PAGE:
In times of stress for children, it is crucial to help them maintain healthy and adaptive coping strategies. At these times, you might notice an increase in aches, pains, and nebulous boo boos. Appetites may markedly change. Sleep habits can shift. Stomachaches and headaches become more common. Children may act out aggression, anxiety, and sadness through their bodies. All of these symptoms are very real and should be treated as such; they are not simply ploys to garner attention.
Children are naturally drawn to stories and storytelling. Storytelling creates cohesion and fosters understanding. Allowing children the freedom to tell their stories gives them a sense of self-competence and confidence as they face challenges. By becoming authors of their own experience, children can regain a sense of control and understanding following loss. Journaling, drawing, creating and communicating with others about loss promotes healing from grief and honors the child’s relationship with that which has been lost.
If we refuse to talk to children about death, or we somehow signal that we must remain silent about loss, we are doing a disservice to the child and missing an opportunity to help them understand and make sense. Rather than explore what to avoid, let’s talk about proactive steps you can take to help your kids understand death.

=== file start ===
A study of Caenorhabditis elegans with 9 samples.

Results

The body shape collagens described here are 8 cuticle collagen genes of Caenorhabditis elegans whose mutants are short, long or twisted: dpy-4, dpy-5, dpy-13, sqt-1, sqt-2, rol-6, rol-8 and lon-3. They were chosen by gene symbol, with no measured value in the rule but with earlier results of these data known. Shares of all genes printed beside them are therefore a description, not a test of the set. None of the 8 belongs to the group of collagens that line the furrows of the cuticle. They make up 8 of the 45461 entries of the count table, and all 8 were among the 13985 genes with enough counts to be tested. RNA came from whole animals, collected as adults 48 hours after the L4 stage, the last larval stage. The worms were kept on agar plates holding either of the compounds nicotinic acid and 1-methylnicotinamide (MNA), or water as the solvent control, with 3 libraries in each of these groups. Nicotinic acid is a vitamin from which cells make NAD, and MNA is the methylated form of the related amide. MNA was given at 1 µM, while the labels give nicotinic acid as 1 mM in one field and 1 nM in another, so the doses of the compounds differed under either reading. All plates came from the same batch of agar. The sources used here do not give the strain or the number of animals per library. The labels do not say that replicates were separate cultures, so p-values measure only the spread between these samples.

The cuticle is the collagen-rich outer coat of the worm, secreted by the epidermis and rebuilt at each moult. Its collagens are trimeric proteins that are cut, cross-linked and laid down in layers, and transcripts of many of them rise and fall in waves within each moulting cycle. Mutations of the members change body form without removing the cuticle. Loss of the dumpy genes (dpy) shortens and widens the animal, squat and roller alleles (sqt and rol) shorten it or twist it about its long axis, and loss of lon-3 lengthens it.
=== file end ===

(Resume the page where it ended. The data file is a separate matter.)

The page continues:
Any time there is a death, you will inevitably hear (and perhaps even mutter yourself), “I just can’t believe it,” or “I can’t wrap my mind around it.” At any age, disbelief and denial are common responses to loss. It is difficult to comprehend death, and when discombobulating grief overlays our mind’s struggle to make sense of tragedy, we may find ourselves at a total loss. It is inevitable that anyone would have difficulty making meaning of death. So, how do we approach the concept of death with our children?
Although it is completely unwarranted for a child to feel guilty about the death or departure of a loved one, guilt is a common response in children. In times of loss, children need to be reassured that their love is stronger than their hate.